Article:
After connecting to the telnetd service and giving your password you will be logged into the Windows system in a simple pass-through mode and be sitting at a normal Windows command shell. You may however change the startup program from cmd.exe to any jBASE program including the jsh.exe (jSHELL).
The jBASE telnetd service is supported on all jBASE supported Windows platforms, including Windows 7 Professional, Windows 2008 Server (64-bit), Windows 2012 and Windows 2012 R2 (64-bit).
Account Naming Issues
Windows account names can exist in several name spaces. For example a Windows station in an Advanced Server domain has a local “Administrator” account and also has a corresponding “Administrator” account in its default domain.
jBASE TCP Remote Logon Services use the following rules to disambiguate account names:
- If the account name is qualified (contains a backslash), the name preceding the backslash is first treated as a domain name, if there is no corresponding domain, then it is treated as a machine name. (Example: “MainDomain\Administrator”).
- If the account name is not qualified (does not contain a backslash), the name is first looked up on the local machine. If the account name is not found, it is then looked up in the default domain of the machine.
When users log on, their environment will contain all system-wide environment variables that are set on the local system. They will not receive their normal user environment settings at this moment in time (the Win32 API does not provide this ability). To circumvent this omission in the Win32 API, the jBASE TCP Remote Logon Services automatically set the following environment variables:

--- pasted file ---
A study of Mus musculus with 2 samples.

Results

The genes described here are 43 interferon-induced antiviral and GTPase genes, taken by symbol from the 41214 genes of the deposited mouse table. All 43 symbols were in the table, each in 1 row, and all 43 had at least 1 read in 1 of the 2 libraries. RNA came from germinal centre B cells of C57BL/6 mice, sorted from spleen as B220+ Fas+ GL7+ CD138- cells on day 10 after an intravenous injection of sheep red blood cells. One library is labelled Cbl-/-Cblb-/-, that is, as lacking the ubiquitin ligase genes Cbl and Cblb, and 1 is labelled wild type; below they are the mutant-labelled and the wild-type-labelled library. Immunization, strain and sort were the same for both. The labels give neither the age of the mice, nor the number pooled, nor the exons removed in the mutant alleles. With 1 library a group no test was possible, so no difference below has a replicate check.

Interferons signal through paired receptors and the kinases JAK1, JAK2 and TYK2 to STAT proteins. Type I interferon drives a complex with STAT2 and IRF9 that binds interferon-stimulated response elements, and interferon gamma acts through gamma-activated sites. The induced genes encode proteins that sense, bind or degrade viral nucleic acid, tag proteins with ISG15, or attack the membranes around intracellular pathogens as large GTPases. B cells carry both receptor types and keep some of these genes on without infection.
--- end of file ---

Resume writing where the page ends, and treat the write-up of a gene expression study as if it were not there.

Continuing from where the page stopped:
|The domain name in which the user account is defined.|
|USERNAME||The account name of the user.|
|HOMEPATH||The path name of the home directory of the user. If the user’s home directory is a remote path, then this will contain the Universal Naming Convention (UNC) name of the user’s home directory.|
|HOMESHARE||Always set to NULL. See the comments on remote directories below.|
|HOMEDRIVE||If the user’s home directory is local, this contains the drive letter followed by a colon. If the home directory is remote, this is set to NULL.|
|JBC_TELNET_FLAG||This is set so that a user process can determine if it is being run via telnet session or via the console.|
Because the remote user shares the drive map with all other users, it is not possible to automatically mount a remote user’s remotely named directory on its normal drive letter. However many sites may wish to establish conventions whereby remote users are allowed to use certain drive letters remotely. Further, other environment variables may need to be set at logon. Thus the jBASE TCP Remote Logon Services execute the file “remote.cmd” if present in the user’s home directory. If a remote user’s home directory is specified as a remote directory, the user’s initial directory will be “C:\”. If desired, this can be overridden in “remote.cmd”.
If the user's home directory does not exist or is not defined in the user's Profile, they will go to the default “C:\users\default”. If this directory does not exist then an error message will be displayed, and the user will not be allowed to login. If the directory contains a “remote.cmd” file then it will be executed.
By default if the user has a “remote.cmd” file, this will be read by the telnet process, and parsed, the first command it finds will be executed. This file is intended mainly to allow the user to set up the environment, and so this parsing is primitive, for example only the first command it finds is executed, so a “remote.cmd” created by the jBASE “iju” for instance this will be the jsh. To disable this feature and have the Windows command proceessor read the file, the registry setting ParseProfile should be set to 0. (see below). You should therefore avoid using commands such as “cd” and “call”.
If supported by the telnet client, then the TERM variable will also be set.